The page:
As the number of solid state drives (SSD) increase, prices are falling steeply while Seagate, Western Digital and to a lesser extent Toshiba rely on artificially high prices of hard disk drives and shorter warranties to make a quick profit.

into the future

Hard drive manufacturers have been consolidating their operations for the best part of two decades. Back in the 1990s there were at least 10 hard drive manufacturers including names such Quantum, Maxtor, Conner, Fujitsu and even IBM. Back in 1980s Apple was making hard disk drives! Even in 2011 there were five players in the hard drive market, with Samsung, Seagate, HGST (Hitachi) and Western Digital taking the vast majority of sales, Toshiba usually left with the scraps. However, Hitachi’s decision to sell to Western Digital leaving Seagate no option but to buy Samsung’s hard drive business maintaing market share parity.
On the other hand, Samsung’s willingness to sell its hard drive business was a sure sign that the game was up for hard drive manufacturers. The Korean giant cashed in its chips and concentrated on SSDs proving again to be a serious player. Eventually five became three, with Toshiba gaining parts of Hitachi’s business only after Western Digital cut a deal with regulators in order to maintain the illusion of a competitive market.

Hard drive industry has consolidated to save itself. Yet 2011 Thailand flooding showed to industry watchers and consumers what this self-preservation was really all about. The ability to dictate market terms. Hard disk drive manufacturers even consolidated the data recovery industry as Seagate now “offers” data recovery services and Toshiba and Western Digital have their preffered provider program. These days you buy hard drives from the same companies you will have to address when you suffer from data loss. Currently hard drives can store as much as 10TB of data and it is expected that hard drives will hold up to 100TB in the next decade. Since hard disk drive manufacturers obviously have their hands on the production as well as the recovery the question becomes obvious. Why would they make reliable hard disk drives?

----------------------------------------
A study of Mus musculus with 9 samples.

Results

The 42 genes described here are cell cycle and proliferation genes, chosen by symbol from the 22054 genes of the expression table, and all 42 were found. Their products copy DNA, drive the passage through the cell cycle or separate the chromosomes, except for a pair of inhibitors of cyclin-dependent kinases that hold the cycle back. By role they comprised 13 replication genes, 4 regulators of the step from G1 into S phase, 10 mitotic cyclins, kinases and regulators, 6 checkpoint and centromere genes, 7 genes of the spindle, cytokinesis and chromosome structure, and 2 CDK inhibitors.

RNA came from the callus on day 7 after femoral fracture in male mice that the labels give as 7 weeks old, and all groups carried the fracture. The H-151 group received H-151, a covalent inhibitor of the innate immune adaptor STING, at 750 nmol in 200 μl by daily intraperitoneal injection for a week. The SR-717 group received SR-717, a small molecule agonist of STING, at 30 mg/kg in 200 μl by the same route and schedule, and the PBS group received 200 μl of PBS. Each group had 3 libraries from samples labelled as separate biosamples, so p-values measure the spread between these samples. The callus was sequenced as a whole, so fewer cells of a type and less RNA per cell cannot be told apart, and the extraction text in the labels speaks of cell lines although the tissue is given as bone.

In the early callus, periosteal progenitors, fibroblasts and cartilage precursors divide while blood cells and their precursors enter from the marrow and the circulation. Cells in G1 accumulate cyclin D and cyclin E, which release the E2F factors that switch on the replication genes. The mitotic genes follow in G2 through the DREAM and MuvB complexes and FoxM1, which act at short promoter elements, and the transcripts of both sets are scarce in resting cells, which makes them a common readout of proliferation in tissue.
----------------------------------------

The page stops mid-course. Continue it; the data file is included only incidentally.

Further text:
Into The Future and New Dilemas

 

Western Digital, Seagate and Toshiba make their attempts to get into the SSD business. However, SSD vendors are popping up everywhere and competition generally meaning lower prices. Intel was once considered the leader SSD industry, with its legendary X25 series. Today Intel has largely been surpassed both in terms of performance and price by firms that buy up its NAND chips and do a better job of fiddling with the firmware of the on-board controllers.

All of this led to companies like Crucial, Corsair, OCZ, Kingston and even Samsung to participate in a good old fashioned race to beat each other on price while offering multi-year warranties. Prices have dropped so far that one eBay retailer is selling Crucial MX100 512GB SATA3 Internal MLC Solid State Drive for about 200 US Dollars, while still offering three year warranties.

Of course, SSDs are still far more expensive per gigabyte when pitted against hard drives. The question is, do you really want to store 3TB of data on a hard drive that the manufacturer is only guaranteeing for just one year? Another question follows, just how many systems need multi-terabyte hard drives. A number of consumer storage vendors such as Dlink, Data Robotics, Netgear, Lacie, Iomega, Synology and Qnap have done a roaring trade in network attached storage boxes because more and more consumers want to share data among devices in the house rather than having it plugged away on a single device.

With Mega, Google, Microsoft, Dropbox and many other outfits offer cloud storage for free, and despite legitimate privacy concerns provide another convienant storage alternative.

The point Seagate and Western Digital need to realise is that for laptops, Windows 8 tablets and even PCs, an 256GB SSD offers far more than a significantly slower hard drive.

Solid state drive prices are falling so fast that in less than two years there is every chance that a 1TB SSD will cost around 200 US Dollars. At this point the main focus in data recovery industry will be shifting to memory chips. The ability to work on raw data looking for patterns will surpass current data recovery techniques traditionally done in cleanrooms using specialized tools of trade. Problems such as stuck spindle or head-crash will belong to computer history archives. The very first machine Charles Babbage and Ada Lovelace used to recover lost data from a damaged punch card was far more advanced than the one damaged card was used for. The tools we use for Solid State Drive Data Recovery (SSD Data Recovery and NAND Data Recovery) are always one step ahead the of the technology used to store data. Meaning the data recovery industry have a great future and it should not be left to the mercy of few. If this happens we all loose.